It’s time to give workers a living wage

Protesters gather to support raising the minimum wage to $15/hour in Durham, N.C. Tuesday, November 10, 2015. About 150 supporters gathered at the City Plaza to listen to speeches before marching to Durham City Hall about two blocks away.
Protesters gather to support raising the minimum wage to $15/hour in Durham, N.C. Tuesday, November 10, 2015. About 150 supporters gathered at the City Plaza to listen to speeches before marching to Durham City Hall about two blocks away. cliddy@newsobserver.com

On Labor Day, the nation honors the contributions of the American worker. Every day in North Carolina, a growing roster of employers affirms the value of their employees by paying them a living wage.

More than 600 living-wage certified employers in Orange, Durham and Buncombe counties voluntarily pay wages that are substantially higher than the federal minimum of $7.25.

Ben Skelton, of Skelton’s Landscaping Service in Carrboro, is one of 127 living-wage employers in Orange County. Skelton pays living wages “because we recognize the value of our employees and their contribution to our success. I believe their compensation should honor the work they do with me daily.”

Orange County Living Wage, a 501(c)3 nonprofit, certifies employers who pay a living wage of $13.15, or $11.65 with health insurance. Our roster includes restaurants, hair salons, automotive shops, nonprofits, municipal and county governments, churches and plumbers.

North Carolina’s hourly minimum wage is mired at the federal minimum of $7.25. Wages rise according to where you set the floor.

The current minimum of $7.25 has been called a “starvation wage”; $8 or $9 an hour is a “just-surviving” wage. As service industries grow, the economy adds more low-paying jobs in areas like home health, food service and restaurants, entertainment and recreation. Without higher wages, we’re adding lots of jobs that barely sustain lots of people. Hard workers are falling further behind as the cost of everything rises – including rent.

Our living-wage formula is based on housing costs. We use a four-year average of federal Fair Market Rent from Durham, Orange, Chatham and Alamance counties to calculate the income required for a one-bedroom apartment. For our area, that’s $13.15 an hour, with 30 percent of salary spent on housing.

The living wage is just that – enough to live on. With no luxuries, extras or frills.

For example, the National Low Income Housing Coalition reports that in our state a full-time worker needs an hourly wage of $15.79 to afford a two-bedroom apartment. Anyone earning $13.15 an hour renting a one-bedroom apartment is not living large. Add food, utilities, transportation and child care, and the money is quickly spent. Moving from minimum wage to a living wage, however, is a step up from poverty and toward the middle class.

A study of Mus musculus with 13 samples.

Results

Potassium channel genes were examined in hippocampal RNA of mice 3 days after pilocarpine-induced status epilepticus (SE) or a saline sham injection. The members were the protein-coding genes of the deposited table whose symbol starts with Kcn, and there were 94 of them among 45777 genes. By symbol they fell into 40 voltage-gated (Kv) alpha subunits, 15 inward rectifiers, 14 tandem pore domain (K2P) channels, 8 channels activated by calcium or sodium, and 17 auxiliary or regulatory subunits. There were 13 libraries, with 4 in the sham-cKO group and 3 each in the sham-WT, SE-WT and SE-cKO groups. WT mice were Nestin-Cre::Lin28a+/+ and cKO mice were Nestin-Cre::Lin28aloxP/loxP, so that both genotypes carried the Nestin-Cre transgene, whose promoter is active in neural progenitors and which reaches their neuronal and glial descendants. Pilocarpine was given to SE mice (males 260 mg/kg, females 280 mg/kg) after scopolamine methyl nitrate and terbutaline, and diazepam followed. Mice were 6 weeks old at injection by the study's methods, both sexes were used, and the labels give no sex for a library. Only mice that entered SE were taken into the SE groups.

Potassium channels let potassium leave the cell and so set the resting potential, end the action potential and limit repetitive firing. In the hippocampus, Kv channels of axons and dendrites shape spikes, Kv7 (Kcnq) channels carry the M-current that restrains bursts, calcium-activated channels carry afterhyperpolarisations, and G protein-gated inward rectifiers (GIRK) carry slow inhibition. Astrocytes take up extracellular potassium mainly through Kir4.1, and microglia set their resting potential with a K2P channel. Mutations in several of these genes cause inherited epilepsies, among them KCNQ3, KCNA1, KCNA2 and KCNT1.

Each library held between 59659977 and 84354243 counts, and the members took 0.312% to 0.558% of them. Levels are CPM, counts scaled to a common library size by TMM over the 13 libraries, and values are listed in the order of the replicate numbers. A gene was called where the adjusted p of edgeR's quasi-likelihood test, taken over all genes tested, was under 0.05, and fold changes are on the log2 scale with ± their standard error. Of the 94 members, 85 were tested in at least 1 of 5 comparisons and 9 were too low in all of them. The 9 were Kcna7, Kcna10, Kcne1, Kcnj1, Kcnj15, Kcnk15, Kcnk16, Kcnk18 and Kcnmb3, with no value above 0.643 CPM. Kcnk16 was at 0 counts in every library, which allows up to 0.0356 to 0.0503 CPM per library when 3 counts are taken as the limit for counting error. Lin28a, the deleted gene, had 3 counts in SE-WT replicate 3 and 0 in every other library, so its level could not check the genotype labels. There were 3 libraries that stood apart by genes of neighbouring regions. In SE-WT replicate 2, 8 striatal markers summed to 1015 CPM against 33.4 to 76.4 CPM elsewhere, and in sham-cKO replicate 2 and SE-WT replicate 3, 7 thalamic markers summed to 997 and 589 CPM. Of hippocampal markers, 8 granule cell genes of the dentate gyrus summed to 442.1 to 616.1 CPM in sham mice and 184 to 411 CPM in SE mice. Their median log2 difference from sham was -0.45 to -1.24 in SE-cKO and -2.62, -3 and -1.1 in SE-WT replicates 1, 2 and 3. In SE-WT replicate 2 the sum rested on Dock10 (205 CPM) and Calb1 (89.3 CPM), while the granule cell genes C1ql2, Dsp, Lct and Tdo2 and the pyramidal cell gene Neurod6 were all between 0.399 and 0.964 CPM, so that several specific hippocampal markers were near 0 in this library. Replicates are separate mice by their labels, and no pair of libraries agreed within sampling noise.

And when you look at workplace dynamics, both employees and employers can benefit from higher wages.

Work ethics and customer service improve when people know they’re valued.

Maya Brown, a resident life specialist at Chapel Hill’s living-wage-certified Carol Woods Retirement Community, says that because employees are paid well, “the work ethic here is better, and I think our nursing staff is very motivated to do a good job.”

Ken Reeb, Carol Woods’ vice president of finance and planning, confirms the “huge correlation between the service you provide and the degree to which you compensate your people.”

Better-paid employees stay in their jobs longer, accumulate more skill, take less time off and work more effectively.

A living wage helps attract more skilled employees – and keeps them on the job.

Business owners know firsthand the productivity and skills they lose when staff resign. It takes time and effort to fully train new hires. Frequent turnover is a huge drain on resources.

“I want to pay people enough that they will stay,” says Ari Sanders, general manager of Hillsborough’s Mystery Brewing and Public House. “The easiest way to keep employees is to let them know they’ve got some money coming.”

Living wages put money back into the community.

Wage raises tied to living-wage certification put $575,000 more annually into the pockets of Orange County workers – some of which goes straight to the local economy.

Eric Knight, of Carrboro’s Steel String Brewery, says one reason his business pays living wages is so workers can “better support local community businesses like ours.”

Employers, consumers and residents can shape their local economy from the ground up. One by one, Orange County employers are choosing to raise their wage floors and put workers on a firmer footing toward prosperity.

Mark Marcoplos, an Orange County Commissioner and living wage employer with Marcoplos Construction, says that paying living wages “exemplifies the values of our residents.”

We encourage North Carolina residents to put their values into action and support employers who pay workers enough to live on.

“Shop living wage” throughout September during our consumer campaign. Find hundreds of living-wage certified businesses. Eat, shop and spend with the employers and employees who make living wages work in North Carolina.

Claire Horne is the communications and outreach coordinator for Orange County Living Wage, a nonprofit located in Chapel Hill working to raise wages and create prosperous communities.